23rd January 2019
Aiasa and Yacouba, villagers living in Bawledgé, Niger, are no strangers to the Samaritan’s Purse livestock program. Though they are a young couple, Yacouba has twice been on the receiving end of a livestock gift. He has seen his household bolstered with the gift of sheep both as a child and, now, years later, as a married man trying to support a family.
His mother, also named Aiasa, remembers when they received the gift of livestock. Formerly she had sold soaps while her husband cultivated the fields. However, neither occupation could fully support and provide the means to educate the five children, including Yacouba.
In an arid environment like Niger, people are never guaranteed a plentiful harvest, something Yacouba found out when he also grew up to become a farmer. Poor soil conditions and inadequate access to water for irrigation are constant barriers to progress.
As his mother recounted Yacouba’s difficult childhood, Yacouba translated her stories while also talking about how Samaritan’s Purse is helping him today. Profits made from selling sheep offspring go a long way to supplement income. The money from selling livestock gave Yacouba’s mother the ability to create a future with more opportunity just as Yacouba’s livestock revenue provides opportunities for his own kids.
His mother beamed at him and said “I wouldn’t have had the ability to send my kids to school without this gift.”
The education she provided Yacouba was evident even in his ability to translate from Zarma and Fulfulde to French for the Samaritan’s Purse staff members who visited his village. Education has provided Yacouba with skills he can be proud of, and this has been a bright light for a family that has known great pain.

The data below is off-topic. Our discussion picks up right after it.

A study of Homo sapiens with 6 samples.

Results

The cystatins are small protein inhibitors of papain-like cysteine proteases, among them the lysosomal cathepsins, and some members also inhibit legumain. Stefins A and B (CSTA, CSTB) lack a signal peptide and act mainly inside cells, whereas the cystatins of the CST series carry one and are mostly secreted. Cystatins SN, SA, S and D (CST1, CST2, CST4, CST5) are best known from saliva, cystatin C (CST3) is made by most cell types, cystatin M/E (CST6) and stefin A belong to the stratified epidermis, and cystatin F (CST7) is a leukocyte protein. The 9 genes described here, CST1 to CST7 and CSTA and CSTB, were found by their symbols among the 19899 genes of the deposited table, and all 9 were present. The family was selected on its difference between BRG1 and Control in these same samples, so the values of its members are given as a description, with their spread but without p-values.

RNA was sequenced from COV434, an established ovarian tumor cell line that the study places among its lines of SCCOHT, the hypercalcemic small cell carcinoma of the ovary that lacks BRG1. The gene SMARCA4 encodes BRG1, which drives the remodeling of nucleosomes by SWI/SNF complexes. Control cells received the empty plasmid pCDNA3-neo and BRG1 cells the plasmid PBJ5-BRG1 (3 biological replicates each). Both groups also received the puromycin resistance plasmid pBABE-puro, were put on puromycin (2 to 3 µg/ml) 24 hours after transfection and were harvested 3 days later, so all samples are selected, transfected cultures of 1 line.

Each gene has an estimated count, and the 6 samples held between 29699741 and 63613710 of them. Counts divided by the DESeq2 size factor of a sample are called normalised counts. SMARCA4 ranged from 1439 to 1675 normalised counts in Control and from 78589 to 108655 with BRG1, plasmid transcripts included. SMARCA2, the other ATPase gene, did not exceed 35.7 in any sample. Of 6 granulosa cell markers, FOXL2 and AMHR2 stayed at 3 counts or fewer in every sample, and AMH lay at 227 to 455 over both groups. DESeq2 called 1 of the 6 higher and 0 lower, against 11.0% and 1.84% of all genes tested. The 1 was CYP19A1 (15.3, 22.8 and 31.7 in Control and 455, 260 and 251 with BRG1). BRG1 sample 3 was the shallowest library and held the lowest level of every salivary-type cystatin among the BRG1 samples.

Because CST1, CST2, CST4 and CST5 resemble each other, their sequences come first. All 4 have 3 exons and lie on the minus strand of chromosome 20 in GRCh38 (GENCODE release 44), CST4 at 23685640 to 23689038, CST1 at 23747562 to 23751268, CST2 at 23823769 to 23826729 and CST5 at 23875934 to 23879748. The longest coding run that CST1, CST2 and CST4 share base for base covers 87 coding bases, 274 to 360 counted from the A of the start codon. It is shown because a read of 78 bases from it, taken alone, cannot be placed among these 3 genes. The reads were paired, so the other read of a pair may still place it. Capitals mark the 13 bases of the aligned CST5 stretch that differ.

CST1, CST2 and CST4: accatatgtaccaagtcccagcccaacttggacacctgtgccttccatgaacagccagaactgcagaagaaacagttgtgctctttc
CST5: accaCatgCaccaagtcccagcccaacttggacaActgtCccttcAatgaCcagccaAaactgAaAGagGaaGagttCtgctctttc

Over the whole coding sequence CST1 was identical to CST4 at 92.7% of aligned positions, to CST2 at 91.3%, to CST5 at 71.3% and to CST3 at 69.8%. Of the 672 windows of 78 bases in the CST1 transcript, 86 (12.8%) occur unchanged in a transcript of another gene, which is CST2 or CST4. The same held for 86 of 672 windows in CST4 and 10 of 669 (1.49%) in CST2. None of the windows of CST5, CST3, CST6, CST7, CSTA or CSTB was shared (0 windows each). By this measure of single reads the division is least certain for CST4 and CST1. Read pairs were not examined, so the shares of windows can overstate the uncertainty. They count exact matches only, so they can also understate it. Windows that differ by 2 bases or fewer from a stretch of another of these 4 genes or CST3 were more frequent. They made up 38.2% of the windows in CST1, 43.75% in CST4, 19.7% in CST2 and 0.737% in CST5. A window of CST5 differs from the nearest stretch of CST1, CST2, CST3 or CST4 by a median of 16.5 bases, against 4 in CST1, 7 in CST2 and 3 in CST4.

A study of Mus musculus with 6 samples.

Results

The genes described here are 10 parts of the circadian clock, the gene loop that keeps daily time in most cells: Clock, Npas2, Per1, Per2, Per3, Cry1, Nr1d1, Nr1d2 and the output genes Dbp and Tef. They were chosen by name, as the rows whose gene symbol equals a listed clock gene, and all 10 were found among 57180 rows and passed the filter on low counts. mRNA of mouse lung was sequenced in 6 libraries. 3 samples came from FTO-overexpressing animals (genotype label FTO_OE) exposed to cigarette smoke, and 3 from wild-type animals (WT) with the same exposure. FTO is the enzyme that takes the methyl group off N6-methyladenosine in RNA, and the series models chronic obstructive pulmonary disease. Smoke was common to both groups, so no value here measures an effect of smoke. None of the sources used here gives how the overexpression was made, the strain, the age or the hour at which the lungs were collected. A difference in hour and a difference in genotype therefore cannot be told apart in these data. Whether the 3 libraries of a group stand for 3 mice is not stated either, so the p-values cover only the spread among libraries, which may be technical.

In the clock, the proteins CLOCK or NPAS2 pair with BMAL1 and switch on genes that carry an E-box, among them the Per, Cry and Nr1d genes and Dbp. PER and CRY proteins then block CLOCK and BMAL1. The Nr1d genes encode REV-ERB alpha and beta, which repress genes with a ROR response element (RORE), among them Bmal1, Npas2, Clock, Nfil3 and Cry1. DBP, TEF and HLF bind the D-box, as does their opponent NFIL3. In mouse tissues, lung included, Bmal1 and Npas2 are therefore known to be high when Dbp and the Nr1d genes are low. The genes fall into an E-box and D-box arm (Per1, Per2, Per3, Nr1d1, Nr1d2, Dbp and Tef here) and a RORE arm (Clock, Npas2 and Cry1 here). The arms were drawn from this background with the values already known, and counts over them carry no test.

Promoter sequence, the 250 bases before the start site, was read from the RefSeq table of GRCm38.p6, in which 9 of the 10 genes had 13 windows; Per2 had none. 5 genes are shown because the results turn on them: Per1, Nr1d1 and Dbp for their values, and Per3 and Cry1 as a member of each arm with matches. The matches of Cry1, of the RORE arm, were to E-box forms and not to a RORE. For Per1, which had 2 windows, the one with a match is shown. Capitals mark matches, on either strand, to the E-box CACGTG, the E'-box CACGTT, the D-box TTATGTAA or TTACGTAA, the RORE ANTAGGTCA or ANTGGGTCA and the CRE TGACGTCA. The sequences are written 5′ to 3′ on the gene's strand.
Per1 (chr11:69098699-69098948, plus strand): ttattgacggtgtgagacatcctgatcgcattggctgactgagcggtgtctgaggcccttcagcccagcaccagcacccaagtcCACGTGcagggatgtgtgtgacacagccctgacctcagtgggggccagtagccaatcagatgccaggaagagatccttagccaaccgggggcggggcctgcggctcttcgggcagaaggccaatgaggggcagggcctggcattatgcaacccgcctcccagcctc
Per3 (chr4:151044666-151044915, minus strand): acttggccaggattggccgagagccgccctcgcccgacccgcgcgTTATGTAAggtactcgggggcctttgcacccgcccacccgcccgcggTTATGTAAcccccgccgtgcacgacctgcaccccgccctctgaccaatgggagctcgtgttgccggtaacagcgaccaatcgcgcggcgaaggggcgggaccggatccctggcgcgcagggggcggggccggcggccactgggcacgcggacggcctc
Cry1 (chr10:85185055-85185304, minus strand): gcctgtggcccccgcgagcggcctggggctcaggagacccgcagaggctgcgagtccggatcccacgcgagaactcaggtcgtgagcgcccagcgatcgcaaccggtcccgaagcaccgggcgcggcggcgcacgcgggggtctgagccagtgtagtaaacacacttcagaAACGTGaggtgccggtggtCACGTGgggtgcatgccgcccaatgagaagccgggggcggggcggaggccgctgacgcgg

Amid the difficulties that often accompany the people of the region, Yacouba has known further grief. Of his four children, one died in an accident. He himself was involved in a separate accident that took away his ability to walk unaided. But he was able to stand tall with crutches in hand and a smile on his face as he told his stories and translated the stories of his peers.
“Samaritan’s Purse was the first organisation that came to us here, and they help us still,” he said. “They have done many things for us—given us livestock, trained us on their care, and taught us how to garden in our environment.
“Samaritan’s Purse is the first organisation that came to us, and they help us still.”
“We thank Samaritan’s Purse for their friendship and courage. You did this,” he said as he looked toward flocks of sheep grazing nearby.